September 29, 2016

You’ve heard all about the famous wine-producing regions, and you’ve tasted pretty much everything they have to offer. You can tell the difference and the taste profile between a good merlot and a bad one. A Malbec and a Shiraz. You’re a connoisseur of Cabernet Sauvignon. You’ve seen it all.

But have you seen or tasted these unknown pleasures from parts unknown?

The wines produced from these gems are largely unknown to the mainstream wine consumer, but we’ll show you just why you should try them.

Let’s round off the list of four unknown wine producing countries for the more adventurous wino.


Odds are you’ve had wine from Namibia’s more well-known neighbor, South Africa. You’d never bet that Namibia, with its dry, arid climate, could ever produce wine. But when there’s a will, there’s a way; and there is indeed a boutique industry of red wine in Namibia. Neuras Wine and Wildlife Estate can be said to have pioneered the wine industry in Namibia on the back of the late Allan Walkden-Davis’ hard work. They produce 3,000 to 3,500 bottles of Shiraz and Shiraz-Merlot wine each year, and continue to do so to this day; their 2004 Namib Red has been critically acclaimed by oenophiles to be an exquisite and rich wine.


Despite being recognized as being one of the oldest wine-producing regions in history, with a tradition of wine stretching to biblical times; however, nary a peep is heard from the wine scene, nor can a bottle of wine be found outside Beirut. It remains a largely unknown quantity to the common oenophile. However, more winemakers trained in the rich traditions of Burgundy and Bordeaux have started to bottle wines that are in turn slowly garnering accolades from the world over. From a number of 5 wineries to over 30 today, the valley’s climate has spawned a number of fine wines, from cabernet, shiraz, to merlot; Ixsir is one of the biggest names producing wine out of the Lebanon Valley.


Paraguay isn’t the first place you will think of when you say South American wine, of which a fine tradition thereof exists in Argentina and Chile, but Paraguay deserves a mention. Wine has been produced in Paraguay for over 400 years in the remote corners of the country without the same fanfare as its more distinguished neighbors. In fact, wine production died out during Paraguay’s war of independence in the 1800’s, until having been reborn by Carlos Voigt in 1908. The Paraguayan wine tradition is continued to this day by Gerhard Bühler, with his Vista Alegre Riesling which is available in the German enclave of Colonia Independencia in Guairá.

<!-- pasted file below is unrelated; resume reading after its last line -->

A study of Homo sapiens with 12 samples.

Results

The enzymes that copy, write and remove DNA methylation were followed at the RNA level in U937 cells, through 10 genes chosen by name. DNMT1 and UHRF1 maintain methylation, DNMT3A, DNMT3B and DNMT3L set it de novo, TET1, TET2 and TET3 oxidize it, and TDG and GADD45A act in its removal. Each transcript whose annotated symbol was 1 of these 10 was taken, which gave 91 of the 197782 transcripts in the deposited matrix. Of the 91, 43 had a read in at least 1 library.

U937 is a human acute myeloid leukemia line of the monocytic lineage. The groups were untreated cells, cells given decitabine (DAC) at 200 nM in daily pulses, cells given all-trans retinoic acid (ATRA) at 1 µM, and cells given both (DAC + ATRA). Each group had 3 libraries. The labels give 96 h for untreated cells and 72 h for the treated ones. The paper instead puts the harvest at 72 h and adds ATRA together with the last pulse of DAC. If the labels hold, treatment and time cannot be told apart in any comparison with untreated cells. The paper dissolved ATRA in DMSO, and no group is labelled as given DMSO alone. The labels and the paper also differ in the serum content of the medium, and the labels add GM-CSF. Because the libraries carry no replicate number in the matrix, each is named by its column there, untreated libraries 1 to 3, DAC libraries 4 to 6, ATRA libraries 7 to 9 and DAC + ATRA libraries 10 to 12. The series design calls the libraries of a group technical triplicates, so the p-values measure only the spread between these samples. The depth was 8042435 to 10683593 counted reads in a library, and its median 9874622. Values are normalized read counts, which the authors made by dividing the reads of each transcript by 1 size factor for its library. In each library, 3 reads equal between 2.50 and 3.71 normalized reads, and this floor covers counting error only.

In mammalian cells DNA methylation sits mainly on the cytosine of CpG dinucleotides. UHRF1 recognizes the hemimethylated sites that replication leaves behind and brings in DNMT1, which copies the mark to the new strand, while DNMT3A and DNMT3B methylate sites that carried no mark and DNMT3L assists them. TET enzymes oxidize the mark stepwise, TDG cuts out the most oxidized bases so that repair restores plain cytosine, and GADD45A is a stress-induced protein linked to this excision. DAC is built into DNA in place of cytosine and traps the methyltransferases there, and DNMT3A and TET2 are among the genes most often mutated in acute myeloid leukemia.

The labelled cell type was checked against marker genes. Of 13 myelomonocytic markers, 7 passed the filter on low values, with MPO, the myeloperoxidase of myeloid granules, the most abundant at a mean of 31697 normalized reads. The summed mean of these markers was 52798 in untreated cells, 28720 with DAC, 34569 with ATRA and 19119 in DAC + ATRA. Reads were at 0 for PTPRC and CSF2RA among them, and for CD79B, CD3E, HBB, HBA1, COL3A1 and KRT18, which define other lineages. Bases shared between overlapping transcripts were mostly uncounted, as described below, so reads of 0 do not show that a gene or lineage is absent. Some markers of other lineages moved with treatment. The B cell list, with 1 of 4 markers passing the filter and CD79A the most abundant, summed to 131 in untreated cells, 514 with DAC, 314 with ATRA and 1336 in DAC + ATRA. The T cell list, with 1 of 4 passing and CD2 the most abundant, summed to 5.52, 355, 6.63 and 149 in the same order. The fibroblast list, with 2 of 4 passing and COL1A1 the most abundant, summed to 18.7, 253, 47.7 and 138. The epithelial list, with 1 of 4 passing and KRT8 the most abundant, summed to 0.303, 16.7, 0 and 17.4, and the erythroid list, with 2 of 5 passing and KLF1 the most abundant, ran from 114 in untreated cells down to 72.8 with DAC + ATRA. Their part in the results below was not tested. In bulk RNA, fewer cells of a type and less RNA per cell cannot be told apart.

Burma is probably the last place you’d think of as being a wine producing country. Paraguay is pretty much scraping the bottom of the barrel, but this one’s got to take the cake, right? After nearly 50 years of military dictatorship, they can’t possibly have a wine culture? But you’re wrong; despite the infinitesimal odds of grapes thriving, two major French and German wine producers have actually started to make a name for themselves: Red Mountain Estate, with its range of Sauvignon Blancs, Chardonnays, and Pinot Noirs, and the Myanmar Vineyard Estate, which prides itself as the first ever vineyard of Myanmar. With a ready consumer in China, wine culture in Myanmar is certainly looking up.

Obtaining wines from these four obscure regions may not be as readily accessible, but for the adventurous palate or a completist, there is as much thrill in the search as there is in tasting the wine; the psychology is similar to record collectors who need to have every pressing of a cult single.